Basic Principles of Free Speech part 4
When freedom of speech comes under attack, opponents usually have a particularly ugly example to serve as the poster boy for their cause. The chosen example of why restrictions are needed may be actual Neo-Nazis or Klansmen, liars, or hate-filled monsters of one sort or another. The example may be the Westboro Baptist Church, whose hatred for gays and soldiers alike makes them nearly universally despised by Americans. Nobody really likes these people, and few want to be associated with them in the way that you risk being if you stand up to defend their rights. Nevertheless, we have to do it anyway.
People who are serious about defending any right have to accept that they will always be defending unpleasant cases. It is the unpleasant that society will move against first. The kind of person who values making themselves agreeable to others will not be the one who first provokes society to silence them. However, the successful punishment of the extremist lays the groundwork for the eventual punishment of even the nicest person, if she holds beliefs society disdains. By the time they get to her, those who seek to silence her can point to a long line of successful precedents.
Indeed, right now there is a concerted effort to paint with broad brush-strokes in order to move very quickly from the extreme to the ordinary. Just yesterday as of this writing Rebecca Lewis of the Data Society published a report entitled “Alternative Influence: Broadcasting the Reactionary Right on YouTube.” It purports to be a network analysis of the sort created by government agencies for targeting purposes. The network is presented as dangerous radical channels of political speech on YouTube.
By her own admission, however, these are not all of them very radical. The channels in her network analysis range from “mainstream versions of libertarianism and conservatism, all the way to overt white nationalism.” By treating this “network” as a single entity that includes the kind of extreme speech that is most readily banned, she moves to erect bars on speech that she herself concedes is quite mainstream.
One of the more central nodes in her analysis is that of “Sargon of Akkad,” who objects strenuously to the way he is portrayed. Here is his rebuttal.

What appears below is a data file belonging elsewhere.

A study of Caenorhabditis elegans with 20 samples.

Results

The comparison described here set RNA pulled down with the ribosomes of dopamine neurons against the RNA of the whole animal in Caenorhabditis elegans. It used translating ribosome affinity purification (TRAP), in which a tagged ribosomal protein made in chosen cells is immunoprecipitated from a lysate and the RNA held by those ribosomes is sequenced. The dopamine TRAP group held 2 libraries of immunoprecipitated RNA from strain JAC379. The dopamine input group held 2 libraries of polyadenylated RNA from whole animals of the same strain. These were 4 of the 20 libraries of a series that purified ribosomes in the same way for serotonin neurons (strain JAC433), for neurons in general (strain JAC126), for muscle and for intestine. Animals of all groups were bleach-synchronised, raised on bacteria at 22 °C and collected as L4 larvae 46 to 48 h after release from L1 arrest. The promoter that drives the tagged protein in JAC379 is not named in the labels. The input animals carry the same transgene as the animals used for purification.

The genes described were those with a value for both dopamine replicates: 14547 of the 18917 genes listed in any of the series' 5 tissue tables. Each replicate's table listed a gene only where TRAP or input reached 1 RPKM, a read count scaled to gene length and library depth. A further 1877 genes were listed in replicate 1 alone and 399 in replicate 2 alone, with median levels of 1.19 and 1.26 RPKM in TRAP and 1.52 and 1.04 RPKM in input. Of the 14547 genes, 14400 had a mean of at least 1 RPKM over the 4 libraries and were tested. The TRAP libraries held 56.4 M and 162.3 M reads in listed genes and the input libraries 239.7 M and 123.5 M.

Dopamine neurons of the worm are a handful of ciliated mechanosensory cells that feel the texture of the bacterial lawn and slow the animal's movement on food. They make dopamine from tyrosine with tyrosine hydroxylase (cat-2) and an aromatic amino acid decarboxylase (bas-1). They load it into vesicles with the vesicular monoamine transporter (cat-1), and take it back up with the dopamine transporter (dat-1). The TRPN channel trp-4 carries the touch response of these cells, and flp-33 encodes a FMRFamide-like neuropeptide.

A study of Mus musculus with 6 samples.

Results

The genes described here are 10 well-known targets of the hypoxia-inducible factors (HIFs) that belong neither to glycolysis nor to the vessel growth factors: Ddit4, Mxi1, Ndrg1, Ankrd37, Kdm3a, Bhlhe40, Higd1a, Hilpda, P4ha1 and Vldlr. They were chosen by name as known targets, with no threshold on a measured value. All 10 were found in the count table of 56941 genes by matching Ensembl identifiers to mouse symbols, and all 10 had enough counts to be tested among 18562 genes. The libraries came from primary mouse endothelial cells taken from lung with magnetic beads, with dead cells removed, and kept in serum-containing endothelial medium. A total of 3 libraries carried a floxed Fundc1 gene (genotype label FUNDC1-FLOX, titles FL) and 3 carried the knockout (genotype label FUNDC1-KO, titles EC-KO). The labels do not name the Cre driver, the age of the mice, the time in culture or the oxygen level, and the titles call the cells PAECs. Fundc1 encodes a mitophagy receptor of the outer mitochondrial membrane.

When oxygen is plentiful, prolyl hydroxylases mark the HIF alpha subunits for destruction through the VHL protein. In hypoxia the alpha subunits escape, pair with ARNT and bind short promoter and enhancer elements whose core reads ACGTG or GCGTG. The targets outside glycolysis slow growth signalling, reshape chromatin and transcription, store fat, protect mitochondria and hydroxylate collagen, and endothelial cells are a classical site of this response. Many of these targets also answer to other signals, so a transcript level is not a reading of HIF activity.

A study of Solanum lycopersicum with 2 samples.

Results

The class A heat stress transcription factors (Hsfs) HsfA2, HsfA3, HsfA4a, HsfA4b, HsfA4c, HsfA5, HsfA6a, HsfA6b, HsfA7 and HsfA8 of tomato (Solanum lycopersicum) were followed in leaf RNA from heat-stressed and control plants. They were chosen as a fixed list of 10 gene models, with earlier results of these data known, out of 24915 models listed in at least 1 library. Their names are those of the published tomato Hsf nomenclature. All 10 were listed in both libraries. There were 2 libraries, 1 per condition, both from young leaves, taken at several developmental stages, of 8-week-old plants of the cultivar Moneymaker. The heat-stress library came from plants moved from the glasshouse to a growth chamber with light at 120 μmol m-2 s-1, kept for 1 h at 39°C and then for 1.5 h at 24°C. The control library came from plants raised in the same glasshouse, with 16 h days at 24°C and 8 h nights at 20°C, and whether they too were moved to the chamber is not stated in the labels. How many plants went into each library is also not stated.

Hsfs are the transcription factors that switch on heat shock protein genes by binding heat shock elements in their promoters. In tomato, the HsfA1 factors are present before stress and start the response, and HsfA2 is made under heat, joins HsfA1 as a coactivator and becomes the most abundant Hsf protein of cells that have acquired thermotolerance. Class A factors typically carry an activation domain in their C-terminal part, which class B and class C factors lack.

As he notes, the “alt-right” has withered in the face of free speech. The marketplace of ideas has strongly rejected their movement. Security Studies Group President Jim Hanson and I discussed this very feature a few weeks ago.
Defending the speech of extremists – even inviting them to debate – does not increase the plausibility of their arguments. It does expose their arguments to the rest of us so that we can think about them and respond to them. There is a robust philosophical tradition that explains why this is a reliable process. Beyond that reliability, the Declaration of Independence holds that governments are instituted by human beings precisely to protect rights. Protecting our rights is the only real duty the government has.
Opponents of free speech talk less about rights than about dignity. They claim protecting the dignity of people can justify quashing the rights of other people. That has it backwards. The way you show real respect for equal dignity is by protecting equal rights. This is especially true of free speech. Respect for free speech is at the very root of human dignity. Tolerating the ideas of others is a major way that you show respect for the equality of even difficult and disagreeable people. A firm commitment to freedom of speech, excepting only direct threats of violence, shows a commitment to the equality of all people – even the ugly ones, the fringe figures, the ones most people would rather not have around.
We need free speech because the impulse to suppress speech is a more extreme rejection of others than the harshest words. We show our commitment to this kind of dignity in how we treat those whom we most despise. No matter how much I might despise a man for his ideas, I am showing him more respect if I let him have his say than if I silence him. The truly extreme position, the one that shows less respect even than slurs and hate speech, is that you should shut up.
 For an excellent summary, I recommend Lee C. Bollinger, The Tolerant Society: Freedom of Speech and Extremist Speech in America (Oxford & New York: Oxford University Press, 1986).